The government is going to provide new and potential exporters – beyond readymade garments – with grant-based incentives amounting to $10 million to help address their compliance gaps.
On Sunday, it launched the Export Readiness Fund (ERF), the matching grant programme funded by the World Bank, as part of its initiatives to diversify the export basket and create more job opportunities.
Under the new programme of the Export Competitiveness for Jobs project of the commerce ministry, some 650 companies from four target sectors – leather and leather goods, footwear (leather and non-leather), light engineering, and plastic – will get the facilities.
Some 400 firms will get maximum $5,000 in grants each for environmental, social and quality assessments. Another 200 firms will get maximum $40,000 in small grants each while 50 firms will be given as high as $200,000 each in large grants.
The application process for the business firms will begin from March this year. They will enjoy the facilities on a first-come-first-serve basis.
The Export Competitiveness for Jobs project will support private companies to address some of the key constraints they face in accessing export markets, enhancing productivity, improving environmental, social and quality standards, and collective infrastructure facilities, said its director Md Obaidul Azam.
In this way, the firms will be able to meet the standards set by large buyers and comply with the laws and regulations of the export markets.
The main objective of the project is to create 90,000 better jobs and prepare 250 firms for export markets, Obaidul told The Business Standard.
The project interventions have been designed to benefit companies that are in the export markets or have the potential and are aspiring to access the markets.
Small and medium enterprises in these sectors are also expected to benefit from the project, particularly those integrated into export value chains, the project director added.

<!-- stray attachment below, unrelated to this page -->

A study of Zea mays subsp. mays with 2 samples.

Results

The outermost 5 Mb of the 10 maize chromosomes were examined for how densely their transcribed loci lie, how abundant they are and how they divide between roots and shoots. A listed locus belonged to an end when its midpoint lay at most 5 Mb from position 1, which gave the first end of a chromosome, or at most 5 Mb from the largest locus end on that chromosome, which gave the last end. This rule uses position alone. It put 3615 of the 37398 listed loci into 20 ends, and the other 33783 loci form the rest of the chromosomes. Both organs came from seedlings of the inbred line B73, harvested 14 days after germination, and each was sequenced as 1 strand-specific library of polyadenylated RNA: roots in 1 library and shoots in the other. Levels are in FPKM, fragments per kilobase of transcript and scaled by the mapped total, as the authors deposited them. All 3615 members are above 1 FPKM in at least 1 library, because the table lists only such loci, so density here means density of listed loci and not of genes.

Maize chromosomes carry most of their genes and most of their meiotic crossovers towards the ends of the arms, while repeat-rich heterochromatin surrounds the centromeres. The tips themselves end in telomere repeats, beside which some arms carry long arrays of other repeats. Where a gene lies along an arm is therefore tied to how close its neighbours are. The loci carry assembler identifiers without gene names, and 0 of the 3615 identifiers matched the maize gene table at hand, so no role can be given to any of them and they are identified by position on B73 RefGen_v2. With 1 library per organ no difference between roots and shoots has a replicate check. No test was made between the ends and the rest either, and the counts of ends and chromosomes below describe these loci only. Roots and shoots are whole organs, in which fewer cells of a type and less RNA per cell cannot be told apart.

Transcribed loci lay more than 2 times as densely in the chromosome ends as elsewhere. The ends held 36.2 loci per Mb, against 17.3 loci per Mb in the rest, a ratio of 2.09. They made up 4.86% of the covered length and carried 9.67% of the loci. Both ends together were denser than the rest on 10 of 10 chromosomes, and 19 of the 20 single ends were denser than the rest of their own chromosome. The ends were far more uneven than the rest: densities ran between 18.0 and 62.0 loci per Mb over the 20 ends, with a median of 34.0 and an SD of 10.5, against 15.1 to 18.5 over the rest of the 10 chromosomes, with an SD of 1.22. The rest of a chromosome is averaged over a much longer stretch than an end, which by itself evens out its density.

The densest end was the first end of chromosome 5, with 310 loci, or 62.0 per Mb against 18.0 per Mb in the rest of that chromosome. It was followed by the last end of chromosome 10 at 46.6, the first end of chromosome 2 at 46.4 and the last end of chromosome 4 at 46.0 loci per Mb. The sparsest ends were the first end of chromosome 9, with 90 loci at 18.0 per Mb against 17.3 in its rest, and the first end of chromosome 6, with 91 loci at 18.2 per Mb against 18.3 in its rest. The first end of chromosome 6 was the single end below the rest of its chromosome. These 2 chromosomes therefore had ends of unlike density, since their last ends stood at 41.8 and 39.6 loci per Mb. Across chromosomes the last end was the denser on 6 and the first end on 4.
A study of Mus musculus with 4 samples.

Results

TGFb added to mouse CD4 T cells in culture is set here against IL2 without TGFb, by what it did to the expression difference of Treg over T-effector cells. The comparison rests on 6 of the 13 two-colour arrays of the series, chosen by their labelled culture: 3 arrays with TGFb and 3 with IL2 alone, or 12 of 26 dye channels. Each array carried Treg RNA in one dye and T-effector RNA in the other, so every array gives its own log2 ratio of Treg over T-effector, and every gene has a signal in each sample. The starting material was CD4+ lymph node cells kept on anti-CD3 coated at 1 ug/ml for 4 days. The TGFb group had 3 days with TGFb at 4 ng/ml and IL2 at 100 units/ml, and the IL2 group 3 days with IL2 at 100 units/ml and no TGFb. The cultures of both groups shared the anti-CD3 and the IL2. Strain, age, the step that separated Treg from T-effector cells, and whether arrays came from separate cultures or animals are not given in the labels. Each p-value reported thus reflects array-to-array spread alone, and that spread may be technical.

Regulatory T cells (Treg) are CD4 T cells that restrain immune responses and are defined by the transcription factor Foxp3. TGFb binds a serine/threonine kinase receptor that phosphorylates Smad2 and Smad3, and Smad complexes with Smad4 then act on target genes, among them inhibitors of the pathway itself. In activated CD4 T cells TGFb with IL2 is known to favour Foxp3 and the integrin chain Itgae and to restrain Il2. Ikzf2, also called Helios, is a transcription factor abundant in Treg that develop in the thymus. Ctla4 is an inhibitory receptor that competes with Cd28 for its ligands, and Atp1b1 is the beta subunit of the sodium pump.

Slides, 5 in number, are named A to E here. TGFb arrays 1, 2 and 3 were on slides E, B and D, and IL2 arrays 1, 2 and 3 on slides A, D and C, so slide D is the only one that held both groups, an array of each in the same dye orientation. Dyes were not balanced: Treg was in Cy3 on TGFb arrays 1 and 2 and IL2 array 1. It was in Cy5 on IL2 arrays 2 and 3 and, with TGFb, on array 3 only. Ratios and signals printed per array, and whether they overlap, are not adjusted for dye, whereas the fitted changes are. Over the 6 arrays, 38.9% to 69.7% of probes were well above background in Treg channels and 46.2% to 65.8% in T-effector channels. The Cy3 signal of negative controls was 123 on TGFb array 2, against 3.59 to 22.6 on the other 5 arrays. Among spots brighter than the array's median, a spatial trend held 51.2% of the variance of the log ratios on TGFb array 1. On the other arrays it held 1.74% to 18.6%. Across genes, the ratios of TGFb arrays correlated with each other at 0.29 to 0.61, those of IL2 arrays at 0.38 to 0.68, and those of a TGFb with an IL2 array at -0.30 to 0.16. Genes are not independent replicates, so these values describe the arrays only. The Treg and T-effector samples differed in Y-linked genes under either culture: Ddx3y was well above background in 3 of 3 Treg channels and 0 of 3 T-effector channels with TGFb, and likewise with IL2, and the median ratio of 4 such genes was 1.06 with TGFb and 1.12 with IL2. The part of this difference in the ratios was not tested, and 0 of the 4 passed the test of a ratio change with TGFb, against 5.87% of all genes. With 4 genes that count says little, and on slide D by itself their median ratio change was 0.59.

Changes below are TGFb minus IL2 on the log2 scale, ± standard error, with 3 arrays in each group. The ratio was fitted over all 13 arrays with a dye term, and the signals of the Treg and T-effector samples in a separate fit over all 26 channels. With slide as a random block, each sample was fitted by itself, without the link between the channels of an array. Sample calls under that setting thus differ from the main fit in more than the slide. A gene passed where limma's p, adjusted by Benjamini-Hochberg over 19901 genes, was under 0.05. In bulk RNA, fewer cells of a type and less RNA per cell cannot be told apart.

The project will be implemented in 42 months at a cost of $100 million.
The total funding will be done as grants, but the money will be repaid to the World Bank from the public fund.
Deputy Project Director Abu Sayed Joarder said they will set up four technology support centres across the country for export-oriented firms under the project. Of the support centres, one will be fully dedicated to the leather sector and the rest for all other sectors.
Hosna Ferdous Sumi, a private sector specialist of the World Bank Group, said to ensure good governance in the project, a globally-reputed independent organisation will select and assess the readiness of the business firms.
Dr Md Jafar Uddin, secretary to the commerce ministry, said the government wants to support the private sector in expanding their businesses.
Mentioning that the country exports more than 700 items, he also said it is essential to ensure a strong bonding between the public and private sectors to expedite the economy development.
The commerce secretary said they have a plan to sit in a meeting with the leather sector every third week of a month to review its progress.
Gradually, they will meet with other sectors too, he added.
Sheikh Fazle Fahim, president of the Federation of Bangladesh Chambers of Commerce and Industries, urged the government to discuss with private sector representatives before finalising the national export strategy.
He also claimed that government officials are going to take some measures which may hamper their businesses. The business community will not accept any such attempt.
Fahim hoped that the government will take initiatives to remove all types of tariff and non-tariff barriers.
Md Saiful Islam, president of the Leather Goods and Footwear Manufacturers and Exporters Association of Bangladesh, said, "We need to diversify our export basket. The RMG sector, which now accounts for about 84 percent of the total exports, has been facing a negative growth. It is very alarming as we are dependent on a single item.
"We must have an export-led growth to achieve sustainable development goals. Decent working environment is one of the requirements for SDGs."
Md Jashim Uddin, president of Bangladesh Plastic Goods Manufacturers and Exporters Association, said Bangladesh exports plastic items worth $900 million to 29 countries annually.
Despite having huge potentials, the sector does not get policy support like the apparel sector, he added.
Citing an example that the apparel exporters are enjoying a reduced rate in corporate tax, he also demanded the same for the plastic and light engineering sectors.
Abdur Razzaque, president of the Bangladesh Engineering Industry Owners' Association, said, "The global market size of light engineering industry is about $7 trillion, but it is still untapped."
He urged the government to focus on the sector where there is a scope of value addition.